Domestic abuse affects men

The RCIPS Family Support Unit is taking active steps to try and encourage men who are suffering abuse to come forward. Officers within the unit are often asked if men really can and do get abused and the answer is yes.

Inspector Angelique Howell, head of the unit said: ‘There are a lot of men in our society that are on the receiving end of domestic violence and there are many reasons why men don’t tell of their abuse.

‘Many men cope with being abused by taking on a macho ‘I can handle it’ attitude. Even if you have been hurt much worse on an athletic playing field it is not the same as being physically or mentally attacked by your intimate partner, which hurts emotionally as well as physically. Allowing this pattern to continue can result in depression, substance abuse, loss of confidence and even suicide.’

Typically, men face a greater degree of disbelief and ridicule than most women in this situation, which contributes to enforcing the silence. Abusers are expert at making victims feel like no-one is on their side, which is a self-fulfilling prophecy; the more you withdraw from friends and family to protect your partner, the less other people will be able to help you by confirming your experiences.

There are many reasons why men feel they cannot leave an abusive relationship:

Shame – ‘What will people think if they knew I let a woman beat up on me?’ ‘I don’t want to be laughed at; no one would believe me.’

Self-worth – ‘I probably deserved it.’

Denial – ‘I can handle it, it’s not that bad.’ or ‘All I have to do is leave the house until she cools down.’

Reluctance to give up the good – ‘She is a creative, loving and/or wonderful person most of the time.’ or ‘She doesn’t mean to be this way; she only gets this way a few times a month so it’s not that bad; the kids are giving her a hard time etc.’ ‘Even though she is abusive to me she is still a good mother.’

Inertia (sluggishness) – ‘It’s too hard to do anything.’ or ‘I’m not ready for that much change in my life.’ or ‘I’ll do it tomorrow, or later, when I’m not so busy.’

Financial – ‘I am disabled and on a limited income and she controls the household finances. I will have no where to go and no money to live on if I leave.’ ‘She keeps the checkbook and gives me a small allowance every week so if I try to keep out any money she will blow up at me.’

Love – ‘But I really love her.’ ‘When I got married it was for life.’ ‘I don’t want to break up my family.’

Have you been abused?

How many of these things has your partner done to you?

Ignored your feelings.

Ridiculed or insulted you.

Ridiculed or insulted your most valued beliefs, your religion, race, heritage, or class.

Withheld approval, appreciation, or affection as punishment.

Continually criticized you, called you names, shouted at you.

Humiliated you in private or public.

Controlled the money, made all major decisions.

Regularly threatened to leave or told you to leave.

Punished or deprived the children when angry at you.

Harassed you about affairs she imagined you were or are having.

Destroyed furniture, broke appliances.

Hit, kicked, shoved, punched, bit, spat at you or thrown things at you when she was jealous or angry.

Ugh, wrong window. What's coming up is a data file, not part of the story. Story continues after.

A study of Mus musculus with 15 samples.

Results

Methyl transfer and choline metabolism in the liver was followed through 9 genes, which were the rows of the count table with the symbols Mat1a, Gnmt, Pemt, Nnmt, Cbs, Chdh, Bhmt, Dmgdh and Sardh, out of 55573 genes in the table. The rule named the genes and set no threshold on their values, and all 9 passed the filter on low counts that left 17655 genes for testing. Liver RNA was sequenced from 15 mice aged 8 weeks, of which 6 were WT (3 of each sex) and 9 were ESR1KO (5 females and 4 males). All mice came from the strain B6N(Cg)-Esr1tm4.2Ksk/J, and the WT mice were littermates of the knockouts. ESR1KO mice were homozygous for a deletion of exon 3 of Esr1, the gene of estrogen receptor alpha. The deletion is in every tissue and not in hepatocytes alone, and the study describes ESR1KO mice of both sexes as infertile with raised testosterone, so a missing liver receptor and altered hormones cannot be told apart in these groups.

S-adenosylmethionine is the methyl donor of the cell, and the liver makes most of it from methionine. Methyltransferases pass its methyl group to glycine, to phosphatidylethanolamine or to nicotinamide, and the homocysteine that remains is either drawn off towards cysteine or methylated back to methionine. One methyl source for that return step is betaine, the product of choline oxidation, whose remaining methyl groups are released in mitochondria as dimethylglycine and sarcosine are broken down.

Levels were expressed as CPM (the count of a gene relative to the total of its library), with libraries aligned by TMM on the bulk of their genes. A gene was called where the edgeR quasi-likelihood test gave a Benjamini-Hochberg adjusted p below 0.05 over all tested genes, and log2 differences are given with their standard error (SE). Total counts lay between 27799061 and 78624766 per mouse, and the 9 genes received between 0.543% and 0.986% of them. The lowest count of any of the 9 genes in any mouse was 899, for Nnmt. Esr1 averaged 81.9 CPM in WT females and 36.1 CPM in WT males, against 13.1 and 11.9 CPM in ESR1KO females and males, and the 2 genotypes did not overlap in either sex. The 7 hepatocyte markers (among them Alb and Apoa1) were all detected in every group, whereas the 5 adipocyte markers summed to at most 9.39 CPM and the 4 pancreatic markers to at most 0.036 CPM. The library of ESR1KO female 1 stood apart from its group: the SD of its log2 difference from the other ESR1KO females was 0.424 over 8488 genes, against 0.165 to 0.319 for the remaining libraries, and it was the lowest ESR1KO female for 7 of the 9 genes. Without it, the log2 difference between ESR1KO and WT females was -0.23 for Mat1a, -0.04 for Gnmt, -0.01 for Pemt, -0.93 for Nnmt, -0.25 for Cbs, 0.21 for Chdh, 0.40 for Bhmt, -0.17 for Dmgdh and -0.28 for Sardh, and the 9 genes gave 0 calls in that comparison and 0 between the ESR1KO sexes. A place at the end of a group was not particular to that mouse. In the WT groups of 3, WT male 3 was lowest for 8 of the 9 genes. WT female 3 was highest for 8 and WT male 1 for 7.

You make decisions about activities and friends based on what your partner wants or how your partner will react.

Other questions that may help a man decide he is in an abusive relationship:

Do you often doubt your own judgment or wonder if you are crazy?

Do you express your opinion less and less freely?

Do you tend to see others less often?

Do you spend a lot of time watching for your partner’s bad, and not-so-bad, moods before bringing up a subject?

Do you ask your partner’s permission to spend money, or socialize with friends?

If you find yourself apologizing for your partner’s behaviour when she has treated you badly then you are being abused.

Tips for men on stopping the abuse:

Never allow yourself to be provoked into any kind of retaliation.

If you are in an argument, make sure you are in a room with two doors so you can leave; a lot of times a woman will block the door, the man will try to move her, and that can be enough for him to get arrested.

Document everything.

Go to your doctor and tell him/her what happened, even if he/she doesn’t ask how you were injured.

Take photographs of your injuries, and make sure the police are called so a report can be documented and request a copy of the report for yourself.

Consider a restraining order.

Seek counselling so you can start healing.

Seek legal advice.

Talk with your family and friends who can help support you. They will understand.

Inspector Angelique Howell added: ‘Domestic violence is not about size, gender, or strength. It’s about abuse, control, and power, and getting out of dangerous situations and getting help, whether you are a woman being abused, or a man.’

The RCIPS has a zero tolerance to domestic violence aims to equally investigate and report offenders for prosecution of offences that constitute domestic violence. The FSU urges anyone who is being abused by their partner or family members to come forward.

Most of the resources that are available to abused women are also available to abused men. The police and the support groups cannot help you if they don’t know about your abuse. Report your abuse.

For more information on the fight against Domestic Violence please contact the FSU on 946-9185 or any of the police stations in Grand Cayman, Cayman Brac and Little Cayman or in an emergency call 911.